All I can say is this: I did not know children like this actually existed. Apart from movies, fairy tales, and suburban legends, I didn’t know babies could be this, shall we say, agreeable.
The twins were not difficult babies either. They never cried excessively, slept pretty well, ate well, and were easy to handle, apart from the fact that there were two of them. But Hunter? Hunter seems to be openly competing for favorite child right out of the gate.
If this sounds like bragging, I promise you it is not. This is not me holding my child in the sky, Simba-style, for all to admire. This is me standing next to you, pointing at Mr. HT and saying, “How is this possible? Let’s not even discuss it further or we may jinx it.”
To celebrate turning ten weeks old on Sunday, he decided to sleep through the night — ten straight hours. I woke up, looked at the clock, and like all good mothers, promptly assumed my baby was dead. Once I confirmed he was alive and well, I basically danced a jig.
But he’s been this way all along. From day one he has slept three to four hours, eaten, and gone right back to sleep. At six weeks we put him in his own crib all night and he started sleeping six hour stretches. Then eight. But I thought it would take months for him to go from 8PM to 6AM.
You know what? I’m going to stop talking about it. I may jinx it.
But before I move on, let’s look at the child who I’m still convincing myself is real.He also continues to be enormous. At his two month check-up a week ago, he weighed 14 lbs 4 oz. It took Henry six months to weigh that much. His feet are larger than the imprints we have of Arden and Henry at six months. He wears six month onesies. He lifts weights and requests protein shakes.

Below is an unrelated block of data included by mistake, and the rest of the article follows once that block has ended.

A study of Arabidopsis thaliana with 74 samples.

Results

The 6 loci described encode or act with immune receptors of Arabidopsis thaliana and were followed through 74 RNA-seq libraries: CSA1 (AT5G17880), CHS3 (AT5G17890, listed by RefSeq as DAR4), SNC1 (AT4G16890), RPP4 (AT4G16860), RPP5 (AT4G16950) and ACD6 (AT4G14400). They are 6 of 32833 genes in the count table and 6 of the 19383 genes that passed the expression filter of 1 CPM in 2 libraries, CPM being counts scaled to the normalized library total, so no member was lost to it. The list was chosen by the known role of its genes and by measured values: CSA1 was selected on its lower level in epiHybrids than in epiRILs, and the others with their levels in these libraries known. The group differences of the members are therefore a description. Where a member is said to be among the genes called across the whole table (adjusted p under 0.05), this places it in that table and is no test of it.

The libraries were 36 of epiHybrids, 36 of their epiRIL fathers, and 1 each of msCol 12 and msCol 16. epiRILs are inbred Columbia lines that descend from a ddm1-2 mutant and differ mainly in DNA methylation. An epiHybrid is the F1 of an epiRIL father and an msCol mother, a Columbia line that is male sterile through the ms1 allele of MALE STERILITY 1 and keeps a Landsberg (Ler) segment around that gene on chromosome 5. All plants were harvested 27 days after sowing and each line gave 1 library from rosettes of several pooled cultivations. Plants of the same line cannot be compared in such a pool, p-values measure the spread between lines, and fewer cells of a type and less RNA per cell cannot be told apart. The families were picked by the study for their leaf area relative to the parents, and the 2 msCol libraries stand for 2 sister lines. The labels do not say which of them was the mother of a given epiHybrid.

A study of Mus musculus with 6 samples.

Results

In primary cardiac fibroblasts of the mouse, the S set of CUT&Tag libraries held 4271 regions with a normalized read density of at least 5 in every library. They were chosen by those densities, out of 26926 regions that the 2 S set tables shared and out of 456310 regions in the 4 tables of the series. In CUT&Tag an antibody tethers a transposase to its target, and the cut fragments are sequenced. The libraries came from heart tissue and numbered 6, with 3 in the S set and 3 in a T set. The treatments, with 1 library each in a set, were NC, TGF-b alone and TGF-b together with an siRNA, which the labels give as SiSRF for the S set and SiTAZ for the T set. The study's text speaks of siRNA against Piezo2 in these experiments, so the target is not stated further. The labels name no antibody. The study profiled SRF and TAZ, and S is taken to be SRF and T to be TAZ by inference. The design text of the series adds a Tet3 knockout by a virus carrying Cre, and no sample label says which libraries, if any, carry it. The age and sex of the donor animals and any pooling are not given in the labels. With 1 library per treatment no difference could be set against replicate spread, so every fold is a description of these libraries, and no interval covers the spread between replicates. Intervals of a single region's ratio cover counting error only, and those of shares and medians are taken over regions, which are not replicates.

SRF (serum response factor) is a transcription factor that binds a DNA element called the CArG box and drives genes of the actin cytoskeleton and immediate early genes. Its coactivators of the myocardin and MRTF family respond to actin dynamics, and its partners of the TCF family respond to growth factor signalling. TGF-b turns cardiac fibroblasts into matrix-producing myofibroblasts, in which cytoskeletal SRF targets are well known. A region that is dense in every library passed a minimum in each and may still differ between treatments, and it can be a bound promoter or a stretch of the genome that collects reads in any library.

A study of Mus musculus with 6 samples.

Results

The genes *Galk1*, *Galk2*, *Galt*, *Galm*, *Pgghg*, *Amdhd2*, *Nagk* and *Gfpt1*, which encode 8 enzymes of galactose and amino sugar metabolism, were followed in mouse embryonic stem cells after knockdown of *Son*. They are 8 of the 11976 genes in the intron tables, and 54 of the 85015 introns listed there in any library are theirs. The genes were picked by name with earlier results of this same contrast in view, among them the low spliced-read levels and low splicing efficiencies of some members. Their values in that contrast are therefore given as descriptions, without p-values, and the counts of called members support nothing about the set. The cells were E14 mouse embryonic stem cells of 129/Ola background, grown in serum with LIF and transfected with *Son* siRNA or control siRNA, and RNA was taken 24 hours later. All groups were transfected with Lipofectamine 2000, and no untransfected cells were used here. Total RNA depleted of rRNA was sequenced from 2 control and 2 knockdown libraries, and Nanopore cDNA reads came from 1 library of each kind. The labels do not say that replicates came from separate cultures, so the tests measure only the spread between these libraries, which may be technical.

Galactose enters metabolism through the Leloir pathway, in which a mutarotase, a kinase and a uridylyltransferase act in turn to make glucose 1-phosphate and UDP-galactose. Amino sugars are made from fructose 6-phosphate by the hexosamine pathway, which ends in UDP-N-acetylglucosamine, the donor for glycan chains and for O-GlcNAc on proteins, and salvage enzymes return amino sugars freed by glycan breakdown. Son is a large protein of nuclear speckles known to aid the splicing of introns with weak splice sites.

The twins are over their initial indifference/rage and now always ask where he is if he’s napping or kiss him aggressively. So far we’ve had no acts of violence, but they do tend to lose their minds whenever Mike holds him. It’s getting better, but for the first eight weeks you’d think Mike was filling out adoption papers the way they threw themselves on the ground in despair. No, we are not selling you nor replacing you, we just want Mommy to make dinner to keep us all alive, so Daddy has to hold the baby for ten minutes.
The real reason we’re doing as well as we are is the amount of help we are receiving. My sister Erin comes nearly every day, my mom comes a couple of times a week, and my mother-in-love comes at least once a week. I am overflowing with helpful hands, without which I may very well be drowning. Whenever people ask how I’m doing with three, I sort of want to say I don’t know yet, because I’m not doing this alone.
I did do most of a day alone for the first time this week, and it wasn’t as difficult as I expected, but I was reminded of how grateful I am to have such incredible women who care about us so deeply.
Henry and Arden turn two on Sunday, and I’m thrilled and joyful for this milestone. Okay, I am 80% happy and 20% totally in denial that they’re aging at all. I will readily admit that the fact that in six months they will be halfway to kindergarten crushes my soul.
On the hardest days, the ones that feel like the work of child-rearing is a feat so burdensome it must be impossible, I remind myself that this time is finite. And in that moment I am both totally relieved and completely bereft that these effervescent cherubs will one day leave their childhood behind. I have never felt such a schizophrenic array of emotions inside the span of a day.
All of this gives me such happy anticipation for all that is ahead for Hunter. I feel like I have forded the river of the first two years with Henry and Arden, and now I’m ferrying the boat back to pick up Hunter and make the journey again. The structure is the same, but every crossing has its own wild currents, stray logs, and smooth waters. I’ll end the metaphor before I’m losing oxen and axles a la Oregon Trail, but it’s a remarkable privilege to get to do this more than once.